About Courage in Motion:
- The event will include an hour-by-hour thematic rotation with dance styles such as hip-hop, disco and zumba.
- Each hour includes a costume contest.
- Organizers have giveways and will present prizes during a ceremony at the end of the night.
- Robert King-Kidder, 15, a liver transplant recipient, will serve as Grand Marshal of the this year's event. King-Kidder will be responsible for beginning each hour of dancing.
To view more photos of the UA School of Dance students preparing for the event, view "Setting Courage to Motion" on the UA Blog, UANews.org/blog. The dance students will perform at 2 p.m.
When dozens upon dozens of people gather at the University of Arizona in April for a 10-hour dance marathon, they will do so to draw awareness and funds for Tucson-based Beads of Courage, an organization that supports children living with serious and complex medical conditions.
Erika Colombi, through her service with Beads of Courage, came upon the idea to merge music, therapy and fundraising in a program that will support the arts-in-medicine public charity and child patients.
The result is Courage in Motion, an annual marathon dance event now in its third year that will, this year, honor children receiving treatment at The University of Arizona Medical Center-Diamond Children's hospital.
"My relationship with dance has been very healing," said Colombi, a UA Master of Fine Arts student in the School of Dance. "Research shows that movement helps to create a better relationship with your body."
"Even if you are sitting in a bed and can only move your hand, it feels good," Colombi added. "Courage in Motion is a way to bring joy."
The event will be held at the UA April 6 from 10 a.m. to 8 p.m. Its participants will dance for donations. Registered participants ask individuals, businesses and organizations to sponsor them for hour-long increments.
The donations then go to Beads of Courage, which was founded by UA alumna Jean Baruch to support children in hospitals and other medical facilities.
Registered participants will wear pairs of beads made by Beads of Courage glass bead artists. At the end of the event, one bead will remain with the participant and the other will be gifted to children receiving treatment at Diamond Children's.
Colombi choreographed an original piece, "The Fragmented Nature of the Modern Self," which will be performed by several UA dance students during a portion of the dance marathon.
"From a dancer's perspective, you want a chance to perform as much as you can," said Ashley Hammond, a UA freshman. "But to be part of this program to fundraise and bring attention to this cause is just as important."
The event organizers note that for children living with cancer, blood disorders, cardiac conditions and a range of other chronic illnesses, visits to medical facilities and doctors' offices become a pervasive part of their lives.
Often, children struggle not only with their experience, but in telling the story of their treatment, said Margaret Zinser, member of the Beads of Courage board and a glass bead artist.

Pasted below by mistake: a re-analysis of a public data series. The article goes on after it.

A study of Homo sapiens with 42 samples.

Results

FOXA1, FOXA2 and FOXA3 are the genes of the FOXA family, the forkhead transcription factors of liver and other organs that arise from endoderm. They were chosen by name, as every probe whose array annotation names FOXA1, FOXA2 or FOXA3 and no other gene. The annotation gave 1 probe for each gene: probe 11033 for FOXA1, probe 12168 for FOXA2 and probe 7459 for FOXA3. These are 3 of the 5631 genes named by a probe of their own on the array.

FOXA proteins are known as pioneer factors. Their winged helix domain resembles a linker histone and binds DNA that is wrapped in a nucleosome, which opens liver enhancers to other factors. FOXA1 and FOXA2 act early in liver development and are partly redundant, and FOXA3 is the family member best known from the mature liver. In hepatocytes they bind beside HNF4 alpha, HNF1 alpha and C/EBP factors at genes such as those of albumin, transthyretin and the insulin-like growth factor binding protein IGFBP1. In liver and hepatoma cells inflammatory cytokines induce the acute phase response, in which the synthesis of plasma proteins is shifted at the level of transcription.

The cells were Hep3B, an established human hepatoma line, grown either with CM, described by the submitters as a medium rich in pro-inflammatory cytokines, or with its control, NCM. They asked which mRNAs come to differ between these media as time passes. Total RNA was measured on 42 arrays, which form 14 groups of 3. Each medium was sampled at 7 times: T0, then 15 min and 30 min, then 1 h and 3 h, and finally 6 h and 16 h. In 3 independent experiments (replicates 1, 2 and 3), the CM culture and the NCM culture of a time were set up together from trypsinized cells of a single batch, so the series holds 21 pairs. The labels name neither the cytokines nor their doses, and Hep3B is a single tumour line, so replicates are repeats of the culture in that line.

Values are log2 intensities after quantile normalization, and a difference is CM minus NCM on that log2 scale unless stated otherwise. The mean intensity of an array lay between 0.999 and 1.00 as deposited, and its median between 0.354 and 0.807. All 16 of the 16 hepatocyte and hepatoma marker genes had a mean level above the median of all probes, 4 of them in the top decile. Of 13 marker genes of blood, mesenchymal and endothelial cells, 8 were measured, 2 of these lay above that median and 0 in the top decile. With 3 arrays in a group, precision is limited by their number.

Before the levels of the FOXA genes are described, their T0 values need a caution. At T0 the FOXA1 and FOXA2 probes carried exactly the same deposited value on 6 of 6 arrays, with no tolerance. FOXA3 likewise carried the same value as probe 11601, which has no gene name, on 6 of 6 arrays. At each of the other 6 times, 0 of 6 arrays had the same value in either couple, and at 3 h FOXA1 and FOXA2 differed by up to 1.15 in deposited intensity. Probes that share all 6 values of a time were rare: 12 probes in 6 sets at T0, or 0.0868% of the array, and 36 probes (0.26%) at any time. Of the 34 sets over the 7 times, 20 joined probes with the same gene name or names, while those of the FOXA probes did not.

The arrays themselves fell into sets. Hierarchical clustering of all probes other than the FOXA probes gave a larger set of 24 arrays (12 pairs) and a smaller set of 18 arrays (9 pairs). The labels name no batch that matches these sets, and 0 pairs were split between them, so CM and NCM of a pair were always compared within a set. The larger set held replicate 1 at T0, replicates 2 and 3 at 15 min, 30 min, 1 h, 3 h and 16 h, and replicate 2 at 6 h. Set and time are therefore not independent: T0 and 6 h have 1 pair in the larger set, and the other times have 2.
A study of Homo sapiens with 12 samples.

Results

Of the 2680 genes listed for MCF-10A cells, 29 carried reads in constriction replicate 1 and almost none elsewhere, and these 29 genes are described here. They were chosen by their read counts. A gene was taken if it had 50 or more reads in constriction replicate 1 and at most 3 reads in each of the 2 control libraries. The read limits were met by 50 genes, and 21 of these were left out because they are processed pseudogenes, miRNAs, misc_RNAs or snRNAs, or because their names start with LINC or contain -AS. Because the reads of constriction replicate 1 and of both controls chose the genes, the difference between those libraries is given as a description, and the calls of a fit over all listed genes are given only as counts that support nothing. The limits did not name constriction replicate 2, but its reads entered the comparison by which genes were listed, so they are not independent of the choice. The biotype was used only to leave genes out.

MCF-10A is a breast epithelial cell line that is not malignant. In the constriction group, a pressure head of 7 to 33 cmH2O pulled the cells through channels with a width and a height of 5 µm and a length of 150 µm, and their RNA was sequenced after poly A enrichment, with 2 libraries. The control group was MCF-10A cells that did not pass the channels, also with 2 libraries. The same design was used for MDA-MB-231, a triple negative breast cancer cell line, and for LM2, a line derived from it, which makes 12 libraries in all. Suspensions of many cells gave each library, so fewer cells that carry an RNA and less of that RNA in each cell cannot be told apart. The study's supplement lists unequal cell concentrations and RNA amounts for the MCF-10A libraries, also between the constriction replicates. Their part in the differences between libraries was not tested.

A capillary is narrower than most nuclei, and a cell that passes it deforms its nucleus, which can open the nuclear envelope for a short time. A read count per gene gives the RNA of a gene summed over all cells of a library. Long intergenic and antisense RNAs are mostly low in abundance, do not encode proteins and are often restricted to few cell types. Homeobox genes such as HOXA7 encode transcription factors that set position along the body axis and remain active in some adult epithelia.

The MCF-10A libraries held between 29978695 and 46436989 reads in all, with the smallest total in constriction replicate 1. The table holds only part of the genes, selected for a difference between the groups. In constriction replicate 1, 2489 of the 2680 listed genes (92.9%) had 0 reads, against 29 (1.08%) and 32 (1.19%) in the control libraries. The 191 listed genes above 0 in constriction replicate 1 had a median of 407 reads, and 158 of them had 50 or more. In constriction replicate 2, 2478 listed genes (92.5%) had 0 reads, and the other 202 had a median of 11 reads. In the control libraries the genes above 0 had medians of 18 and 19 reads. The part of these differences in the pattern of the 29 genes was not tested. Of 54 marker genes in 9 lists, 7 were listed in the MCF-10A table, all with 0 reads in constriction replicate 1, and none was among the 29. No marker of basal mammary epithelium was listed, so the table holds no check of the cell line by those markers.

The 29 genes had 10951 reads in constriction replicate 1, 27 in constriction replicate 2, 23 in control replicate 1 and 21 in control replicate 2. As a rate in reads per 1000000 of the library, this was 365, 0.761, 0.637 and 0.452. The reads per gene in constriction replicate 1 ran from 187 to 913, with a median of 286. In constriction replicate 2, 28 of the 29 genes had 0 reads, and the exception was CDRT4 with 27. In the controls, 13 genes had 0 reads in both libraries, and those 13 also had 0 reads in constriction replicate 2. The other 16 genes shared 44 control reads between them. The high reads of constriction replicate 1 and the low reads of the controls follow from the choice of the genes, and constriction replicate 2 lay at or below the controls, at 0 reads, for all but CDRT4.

The beads have symbolism and meaning for those who carry and receive them, Zinser said, noting that Tour de Fance athletes and NASCAR drivers, in addition to musicians and celebrities, have carried beads for children.
"Beads of Courage is all about putting positive well-wishes into the beads," Zinser said.
"They often only have the physical manifestation of their illness, but the beads help the Beads of Courage children tell their story, and it becomes a powerful experience to be part of in their recovery," Zinser said.
She noted that the organization has found that children who participate in the program have a decline in illness-related stress.
Also, children have had up to thousands of beads, with each symbolizing times they have a major doctor's visit, a major test completed, a transfusion or surgery or other important milestone.
"It is their story," said Colombi, who once carried 14 beads on her own bike. "It is giving them a way to express their story."
For Deshawn Morton, presenting dance in a therapeutic way – especially in a way that extends the UA into the community – is hugely important.
Also, he said the choreographed piece, which is set to "Lose Yourself" by Eminem, is relatable no matter a person's experience.
"Even if you are young, you've probably heard the song before. It offers a lot, and you can really see yourself in it," Morton said.
And he hopes that the music, coupled with movement, will benefit the program participants and, through the beads, extend that energy to the children in treatment.
"Movement is something that can allow you to release everything; it's a form of being able to release in a way that you can't necessarily when you are speaking," he said.
"To me, being able to express not just in words or what you are speaking but through your body feels better and very, very beneficial."